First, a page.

A Romanian man living in Dungannon, but allowed to spend week-ends in Dublin while awaiting trial for his alleged involvement in an attempt to blast open an ATM, was today (Thurs) refused his passport for a holiday in Europe.
However, Ioan Anton, of Terryglassog Road, Dungannon, is to have his ‘tag’ removed for a week-end to attend hospital in Dublin, and then for a week to have a holiday in Ireland with his family.
Anton, who moved here in 1998, is accused of causing an explosion, with intent to endanger life during the attempted theft from a Costcutter’s store ATM in Hamiltonsbawn on June 5, 2014.
Defence lawyer Plunkett Nugent told Newry Crown Court, sitting in Belfast, that initially Anton, who operates a car-wash employing five people, wanted his ‘leg-tag’ removed so he could undergo an MRI scan in a Dublin hospital.
Mr Nugent said he was also seeking permission to travel either to Italy or Spain for a holiday with his wife and two children, aged eight and 16, before his trial in October.
The lawyer explained that while he lives in Northern Ireland, he is permitted to spend his weekends in Dublin with his family.
Anton, he added, “has had ample opportunity to flee”, but instead had met all his bail conditions, even lodging a cash bond of £2,000, which could be doubled, if needed.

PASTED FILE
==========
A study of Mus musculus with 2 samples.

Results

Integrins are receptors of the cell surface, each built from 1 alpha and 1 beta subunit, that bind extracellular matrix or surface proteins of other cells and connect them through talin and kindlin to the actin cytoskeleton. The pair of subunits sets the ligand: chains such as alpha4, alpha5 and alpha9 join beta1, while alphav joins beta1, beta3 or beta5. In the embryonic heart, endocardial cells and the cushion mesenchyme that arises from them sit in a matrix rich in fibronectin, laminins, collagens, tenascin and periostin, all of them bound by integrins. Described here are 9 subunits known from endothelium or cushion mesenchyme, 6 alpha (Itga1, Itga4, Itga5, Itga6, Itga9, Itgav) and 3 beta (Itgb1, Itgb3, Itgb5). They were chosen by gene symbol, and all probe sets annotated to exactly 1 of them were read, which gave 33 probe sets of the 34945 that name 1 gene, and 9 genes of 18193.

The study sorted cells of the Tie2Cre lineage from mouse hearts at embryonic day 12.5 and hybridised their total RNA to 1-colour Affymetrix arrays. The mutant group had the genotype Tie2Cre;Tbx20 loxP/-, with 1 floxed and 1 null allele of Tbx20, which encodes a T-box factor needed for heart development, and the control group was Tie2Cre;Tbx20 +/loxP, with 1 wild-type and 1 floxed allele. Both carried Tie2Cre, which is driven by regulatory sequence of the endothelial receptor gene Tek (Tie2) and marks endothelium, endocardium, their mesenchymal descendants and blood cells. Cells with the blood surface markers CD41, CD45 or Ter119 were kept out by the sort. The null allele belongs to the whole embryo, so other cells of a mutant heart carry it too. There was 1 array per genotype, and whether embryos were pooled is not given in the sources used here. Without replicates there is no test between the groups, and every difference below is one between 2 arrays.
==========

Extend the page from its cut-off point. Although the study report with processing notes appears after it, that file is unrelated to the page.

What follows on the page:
Mr Nugent said Anton “fully intends to fight his case, and is adamant about that”, but before hand was asking court to allow him to go on holiday.
Opposing the bail variations, Michael Chambers claimed the evidence against Anton and a co-accused was “quite compelling”, and if convicted could attract a sentence of 15 years or more.
The authorities, he said would not only object to his tag being removed for a week, but also to any prospect of Anton getting his passport back.
Mr Chambers said the attack on the Hamiltonsbawn store was not just a two-man enterprise, but must have involved a degree of planning by “an organised criminal gang”, and there was “very great concern” as to him absconding.
At present, he added, Anton had neither an ‘identity card’ or passport and was restricted to the island of Ireland.
The lawyer said Anton may have complied with his bail condition, but claimed that as “the day of reckoning” drew closer... so did the temptation to abscond.
Judge Brian Sherrard said it appeared the principle concern of the Crown was the return of Anton’s passport, but with regards to the tagging issue, he had already missed a hospital appointment because of it.
He added, given the background, in terms of Anton being allowed to travel to the Republic of Ireland, the tag should be removed for the weekend of the renewed hospital visit.
However, Judge Sherrard said the “holiday aspect... is the more troubling aspect”, and that he “shared the concerns of the PPS”, with regard to the oncoming trial, the nature and organisation of the offences Anton faces, and the real concerns of him absconding.
He added, that while Anton had been “trusted with some latitude” with his bail, he was “not prepared” to allow him to go on a foreign holiday, but would grant him one “in the island of Ireland”.